In a strongly worded 32-page decision, a federal judge in Washington rejected the US effort regarding security detainees at Guantánamo, calling it an 'illegitimate exercise of executive power.'
REUTERS/DoD/Shane T. McCoy/Handout
A federal judge in Washington on Thursday rejected a government effort to sharply limit access between private lawyers and security detainees at the US base at Guantánamo Bay, calling the effort “an illegitimate exercise of executive power.”
In a strongly worded 32-page decision, Chief US District Judge Royce Lamberth ruled that access by lawyers to their detainee-clients at Guantánamo must continue under the terms of a long-standing protective order issued by federal judges in Washington.
Government lawyers had sought approval to displace the court’s protective order with a so-called Memorandum of Understanding (MOU) that would allow military officials to establish and enforce their own rules about when and how detainees could have access to legal counsel.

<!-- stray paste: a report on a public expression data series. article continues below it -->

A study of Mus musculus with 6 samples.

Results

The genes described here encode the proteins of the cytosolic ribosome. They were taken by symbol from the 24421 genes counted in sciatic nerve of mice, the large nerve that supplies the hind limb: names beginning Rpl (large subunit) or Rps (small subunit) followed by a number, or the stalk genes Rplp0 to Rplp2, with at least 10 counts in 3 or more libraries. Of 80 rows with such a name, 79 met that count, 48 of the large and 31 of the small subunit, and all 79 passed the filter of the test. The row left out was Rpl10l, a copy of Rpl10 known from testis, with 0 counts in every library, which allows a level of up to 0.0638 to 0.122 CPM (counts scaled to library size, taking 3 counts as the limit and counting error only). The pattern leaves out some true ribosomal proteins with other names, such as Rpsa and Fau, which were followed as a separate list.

“The government wants to place itself as the sole arbiter of when a habeas petitioner is ‘seeking’ to challenge their own detention and when a habeas case is ‘impending,’ and thus when they can have access to counsel,” Chief Judge Lamberth wrote. “But access to the Court means nothing without access to counsel.”
The MOU would give the government “final, unreviewable power to delay, hinder, or prevent access to the courts,” the judge said.
“The government actions thus far demonstrate that it cannot be trusted with such power,” Lamberth said.
Legal groups that have worked to provide counsel to detainees praised the judge’s ruling.